Refugees in Yemen: Humanitarian Gesture or Economic Burden? [Archives:1998/36/Law & Diplomacy]

September 7 1998
UNHCR Viewpoint
Mr. Mazin Abu-Shanab, chief of the UNHCR sub-office in Aden and acting resident representative.
Q: Could you briefly name the main UNHCR tasks in Yemen?
A: UNHCR was invited by the Yemeni government when huge numbers of Somali refugees started coming in, escaping the civil war in their country. We came to help the government deal with the refugee problem.
There are some 9,000 refugees in Jahin camp, Abyan, in addition to almost 38,000 other refugees living in various parts of the country. Refugee registration started in November, 1997 and continued until March, 1998, with the help of the mass media such as Yemeni radio and the BBC.
Q: What sort of services does UNHCR provide to refugees?
A: UNHCT wholly assists vulnerable refugees living in Al-Jahin camp and those in urban areas. With the help of a number of implementing partners such as as Radda Barnen and the British ICD, a local NGO named PAD, Triangle (French) and COOI, UNHCR provides refugees with health, education and training.
Q: Are the refugees trained to be integrated within society?
A: Despite the lack of financial resources, the refugee situation in Yemen is better than in many other countries, as attested to by many international visitors. This does not mean, however, that the refugees live in luxury in Yemen. We try our best to provide at least basic services such as health and vocational training.
Q: What sort of skills are these refugees taught?
A: In the Jahin refugee camp, for example, there is a community center and three income-generation projects where the inmates are taught simple handicrafts such as basket weaving, etc. The German GTZ last year provided, with the financial assistance of the UNHCR, these refugees with 30 scholarships to be mechanical and electrical technicians.
Q: What do the refugees at the camp get by way of food and other basic needs?
A: According to international regulations, refugees must get regular meals that provide at least 1,940 calories per person per day. Each individual in the Jahin camp gets more than 2,000 cal. a day. They are also provided with bedding and basic household utensils, and other non-food items.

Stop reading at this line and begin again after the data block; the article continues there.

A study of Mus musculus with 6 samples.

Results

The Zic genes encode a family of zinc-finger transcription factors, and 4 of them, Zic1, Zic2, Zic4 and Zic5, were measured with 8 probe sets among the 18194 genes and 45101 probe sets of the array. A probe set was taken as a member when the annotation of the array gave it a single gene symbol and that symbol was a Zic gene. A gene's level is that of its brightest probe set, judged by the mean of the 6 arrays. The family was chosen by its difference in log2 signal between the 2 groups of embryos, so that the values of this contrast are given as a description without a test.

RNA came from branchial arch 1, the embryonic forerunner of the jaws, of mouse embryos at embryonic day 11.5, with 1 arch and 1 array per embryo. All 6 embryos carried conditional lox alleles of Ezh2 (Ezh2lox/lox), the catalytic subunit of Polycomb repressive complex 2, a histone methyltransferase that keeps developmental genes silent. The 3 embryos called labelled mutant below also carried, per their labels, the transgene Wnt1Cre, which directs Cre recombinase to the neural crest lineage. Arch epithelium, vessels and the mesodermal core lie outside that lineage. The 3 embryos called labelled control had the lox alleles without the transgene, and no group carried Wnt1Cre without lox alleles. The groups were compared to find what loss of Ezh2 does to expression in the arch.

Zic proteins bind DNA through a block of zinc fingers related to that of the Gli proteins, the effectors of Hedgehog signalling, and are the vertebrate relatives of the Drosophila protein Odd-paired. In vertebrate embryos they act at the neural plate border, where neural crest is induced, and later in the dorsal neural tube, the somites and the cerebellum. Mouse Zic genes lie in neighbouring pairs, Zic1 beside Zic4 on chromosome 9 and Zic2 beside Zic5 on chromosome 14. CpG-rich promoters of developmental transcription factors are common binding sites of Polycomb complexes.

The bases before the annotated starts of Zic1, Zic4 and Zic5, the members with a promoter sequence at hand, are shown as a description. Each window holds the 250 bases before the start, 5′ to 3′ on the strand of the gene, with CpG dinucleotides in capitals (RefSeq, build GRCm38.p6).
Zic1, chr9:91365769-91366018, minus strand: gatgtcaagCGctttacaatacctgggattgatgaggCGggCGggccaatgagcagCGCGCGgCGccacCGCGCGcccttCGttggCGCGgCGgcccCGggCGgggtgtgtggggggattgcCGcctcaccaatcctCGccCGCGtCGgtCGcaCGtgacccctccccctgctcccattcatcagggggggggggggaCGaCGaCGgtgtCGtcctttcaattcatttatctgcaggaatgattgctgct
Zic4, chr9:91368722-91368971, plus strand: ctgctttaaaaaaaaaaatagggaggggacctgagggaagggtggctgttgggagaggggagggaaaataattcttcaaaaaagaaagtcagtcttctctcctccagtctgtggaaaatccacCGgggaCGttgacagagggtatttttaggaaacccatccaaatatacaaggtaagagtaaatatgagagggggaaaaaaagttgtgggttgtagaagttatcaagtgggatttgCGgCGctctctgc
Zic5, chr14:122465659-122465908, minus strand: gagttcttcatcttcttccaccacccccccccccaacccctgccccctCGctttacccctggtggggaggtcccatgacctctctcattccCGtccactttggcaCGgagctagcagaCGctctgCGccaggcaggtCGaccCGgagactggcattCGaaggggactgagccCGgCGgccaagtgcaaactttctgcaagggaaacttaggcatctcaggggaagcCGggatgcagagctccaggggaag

Q: How much does the UNHCR spend on refugees in Yemen?
A: The UNHCR’s annual program in Yemen costs about $2.5 million. This is with donations by foreign governments and international organizations.
Six months ago, the Italian government, for instance, donated $250,000 worth of medicines to refugees in Yemen. Another $250,000 of medicines is coming in September.
Q: What are the aid projects implemented by NOGs to help the refugees?
A: For example, Radda Barnen of Sweden is now building a school at the Jahin camp in addition to providing rehabilitation and physiotherapy for disabled children.
Food provisions and sanitation in Jahin are managed by Partners for Development of Yemen. The French Triangle is responsible for income generation, social activities and rehabilitation training.
There are several health care projects being implemented in the refugee camp to control TB and other serious diseases. There are also other health-care projects in the Basateen area in Aden and in Sanaa. All the abovementioned activities are financed by UNHCR.
Q: Are new refugees screened for AIDS and other contagious diseases?
A: All refugees are screened for common diseases before being admitted into the camp. However, we do not have adequate mdical testing facilities for AIDS at the camp. So anyone suspected by the camp’s doctor of having a serious medical problem is immediately referred to a public hospital.
Q: Are refugee students allowed to continue their studies in public schools?
A: In coordination with the Yemeni education authorities, students finishing their studies at the camp are allowed to do higher education at state universities. This process was started about a year ago.
Q: How are the refugees received when they first arrive?
A: Asylum seekers are referred by the border or by the coast guard authorities to UNHC.
As soon they are found to be genuine asylum seekers, they become the responsibility of UNHCR.
Q: How long does it take for this process to be completed?
A: It takes a few days to decide if the person concerned is eligible for refugee status. Many of the people who have been coming from Ethiopia recently are really economic migrants. So we reject their applications.
Q: Do you give the registered refugees ID cards?
A: UNHCR issues two types of card. The first is issued to refugees living in urban areas to allow them to travel within Yemen. There is also the ” Ration Card” for people at the refugee camp, which does not give them the right to move around. If they wish to visit another governorate, they have to get a special document issued by UNHCR and the Yemeni Immigration office.
Q: What about refugees from other Arab countries?
A: Since Arab citizens can enter Yemen legally, they become the government’s responsibility – from the legal point of view. UNHCR however, is also willing to provide all possible assistance for people coming from Arab countries in coordination with the authorities if the person concerned meets the criteria for refugee status.
Q: You have started a process of repatriating Somali refugees. How many have been sent home so far?
A: About 650 Somalis were repatriated, and 101 more will go back soon. By December 31, 1998, UNHVR anticipates that about 1,000 refugees will be assisted by UNHCR to return home volutarily.